The third quarter of 2021 saw pothole-related breakdowns hit their highest level for the time of year since 2006, according to the RAC. The breakdown recovery company says it attended more than 1,800 callouts in just three months for problems such as broken springs and distorted wheels – all of which could potentially be attributed to potholes.
Although the organisation says the three months from the start of June to the end of September are normally the quietest quarters for pothole-related breakdowns, it says such issues accounted for 1.2 percent of all callouts during the third quarter of 2021. That’s the largest proportion in the third quarter of any-year since 2006.
Over the last four quarters, the RAC says pothole-related callouts have represented 1.5 percent of all breakdowns the organisation has attended. That’s the highest figure since the four quarters to the end of September 2018, when it also hit 1.5 percent.
And the RAC claims its annual study of driver concerns puts “the poor condition and lack of maintenance of local roads” at the top of the tree for driver fears. In the 2021 study, 46 percent of drivers said that was one of their four biggest motoring concerns, up from 38 percent 12 months earlier.
The RAC also says more than half (58 percent) of the 2,652 drivers surveyed said they thought local road conditions have deteriorated in the past year. That’s up from 52 percent in 2020 and 49 percent in 2019.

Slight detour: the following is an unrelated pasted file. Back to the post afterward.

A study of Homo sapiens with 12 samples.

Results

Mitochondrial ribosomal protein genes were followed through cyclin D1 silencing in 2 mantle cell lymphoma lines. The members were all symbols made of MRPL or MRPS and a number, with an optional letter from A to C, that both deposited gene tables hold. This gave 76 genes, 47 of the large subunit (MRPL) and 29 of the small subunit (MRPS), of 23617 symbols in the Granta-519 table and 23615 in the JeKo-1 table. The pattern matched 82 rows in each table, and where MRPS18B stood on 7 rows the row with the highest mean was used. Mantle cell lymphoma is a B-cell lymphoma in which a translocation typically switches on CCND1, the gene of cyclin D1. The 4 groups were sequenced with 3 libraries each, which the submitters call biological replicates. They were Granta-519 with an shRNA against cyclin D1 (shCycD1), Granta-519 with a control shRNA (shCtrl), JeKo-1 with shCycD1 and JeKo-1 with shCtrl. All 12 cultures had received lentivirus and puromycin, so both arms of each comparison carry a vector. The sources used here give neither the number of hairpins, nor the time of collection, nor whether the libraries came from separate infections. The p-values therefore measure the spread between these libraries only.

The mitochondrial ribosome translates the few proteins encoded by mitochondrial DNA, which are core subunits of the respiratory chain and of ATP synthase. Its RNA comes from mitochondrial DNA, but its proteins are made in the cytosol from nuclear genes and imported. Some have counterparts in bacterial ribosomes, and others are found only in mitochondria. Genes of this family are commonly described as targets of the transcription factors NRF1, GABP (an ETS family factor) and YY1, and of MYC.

“With government data showing weekday car traffic is still not quite back to pre-pandemic levels, it’s very worrying that our patrols are still attending a higher proportion of pothole-related call-outs in relation to all the breakdowns they go out to,” said RAC head of roads policy Nicholas Lyes. “While it’s welcome that the sheer number of pothole breakdowns is not as high as we’ve seen in previous years, we see worrying signs in our data that implies little progress has been made in the last 12 months in improving road surfaces for drivers.
“Traditionally, the spring and summer months give authorities a chance to repair and improve roads, but unfortunately it seems many roads remain in a perilous state. We fear we’re only a bad winter away from seeing a plague of potholes which authorities will struggle to repair.
“When it comes to potholes, prevention is always better than cure. Relying on just patching potholes is a fruitless task which simply pours good money after bad as it only acts as a sticking plaster. This will anger drivers incredibly as they already feel not enough of their motoring taxes are invested in keeping roads up to a respectable standard.”